5DIIIs
Review Date: Jul 9, 2012 Recommend? yes | Price paid: $3,499.00 | Rating: 10 

 
Pros: Excellent IQ, Great AF, Build, Dual cards, controls, customization options, light weight. weather sealing.
Cons:
Should have been called 6D to avoid confusing the armchair critics.

As a long time Canon DSLR user I have enjoyed the improvements in the bodies over the years. I have also watched the discussions evolve as to what users want.
When the 1Ds was introduced, users raved about the FF and IQ. Subsequent models were also praised.
When the 5D came out it set the standard for affordable FF excellence. The complaints came quickly though with users wishing for the AF, weather sealing, dual cards and build of the 1 series cameras but at the 5D price. Of course they should be buying the 1D camera but they didn't have the money but did have the ability to complain.
Canon really did listen. Over the years the message was distilled into "We want lots of res but high speed IQ and thus not too much res. And we also want better AF, weather sealing, dual cards etc."
In short, they wanted a 1D series camera at the 5D price. Canon actually has delivered that camera in the 5DmkIII.
Their only failure was in not calling it the 6D as it is now compared to the 5DmkII and thus seems expensive.
What it really is is an evolution of Canon's lineup into two FF bodies. The premium 1D body is still available at $7K and the studio version (in the 5Dmk3) is $3.5K .
Once you think of it that way it is a bargain.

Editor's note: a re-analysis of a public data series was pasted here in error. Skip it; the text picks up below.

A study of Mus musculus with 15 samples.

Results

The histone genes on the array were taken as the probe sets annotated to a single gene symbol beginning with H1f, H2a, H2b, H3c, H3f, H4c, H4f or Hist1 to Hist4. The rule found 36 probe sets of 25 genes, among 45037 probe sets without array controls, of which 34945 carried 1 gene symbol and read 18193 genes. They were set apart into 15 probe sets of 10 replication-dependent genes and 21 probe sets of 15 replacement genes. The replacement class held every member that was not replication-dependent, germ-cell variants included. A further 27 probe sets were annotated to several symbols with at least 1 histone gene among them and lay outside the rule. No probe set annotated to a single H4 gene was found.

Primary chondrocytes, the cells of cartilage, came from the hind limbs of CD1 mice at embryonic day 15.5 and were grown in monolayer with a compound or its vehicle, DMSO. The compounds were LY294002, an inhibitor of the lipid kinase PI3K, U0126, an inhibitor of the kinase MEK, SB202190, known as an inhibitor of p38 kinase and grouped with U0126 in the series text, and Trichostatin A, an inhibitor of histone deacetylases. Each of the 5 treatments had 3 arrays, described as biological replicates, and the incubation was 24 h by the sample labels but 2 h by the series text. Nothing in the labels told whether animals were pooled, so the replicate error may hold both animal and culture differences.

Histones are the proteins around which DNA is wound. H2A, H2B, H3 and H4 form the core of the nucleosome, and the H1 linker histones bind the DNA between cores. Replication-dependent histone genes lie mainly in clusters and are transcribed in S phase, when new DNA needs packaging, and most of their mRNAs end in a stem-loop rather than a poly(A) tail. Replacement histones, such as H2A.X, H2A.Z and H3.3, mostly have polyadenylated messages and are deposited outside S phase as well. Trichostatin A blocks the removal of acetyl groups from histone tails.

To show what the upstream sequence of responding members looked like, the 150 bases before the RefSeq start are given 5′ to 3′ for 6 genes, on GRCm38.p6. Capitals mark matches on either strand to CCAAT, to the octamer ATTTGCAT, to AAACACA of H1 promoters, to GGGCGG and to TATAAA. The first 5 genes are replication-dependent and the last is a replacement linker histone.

Canon EF 50mm f/1.4 USM

ef50mmf_14usm_1_
Review Date: Jan 17, 2011 Recommend? no | Price paid: $344.00 | Rating: 6 

 
Pros: Small, light, sharp at smaller apertures
Cons:
Won't focus at infinity. Iffy AF at distances greater than 20 feet.

I did a lot of research on 50's as there seems to be no clear winner in this field. There are the MF options from Zeiss and adapted alt gear. Then there are the AF offerings from Canon and Sigma. MF is not for me no matter how splendid the optics. Thus my choice were winnowed to the Canon 50 1.4 and the Sigma.
On balance the Canon won for having the best mix of performance (allegedly) and price.
When my Canon 50 1.4 arrived I immediately shot a series of test images to verify that my copy was a good one. I shot mostly wide open and had a lot of good shots but maybe only 25% tack sharp ones. I attributed this to user error. However placing the camera on a tripod and focusing on still life objects I found that at anything over 5 feet distant was soft and infinity focus was unusable. Clearly there is a problem with this lens. More testing at smaller apertures demonstrated that it is capable of extremely sharp images but because of the focus problem I can not trust this lens in a professional situation.

I wanted to like it but I am going to swap it for a Sigma and pray that I get a good one.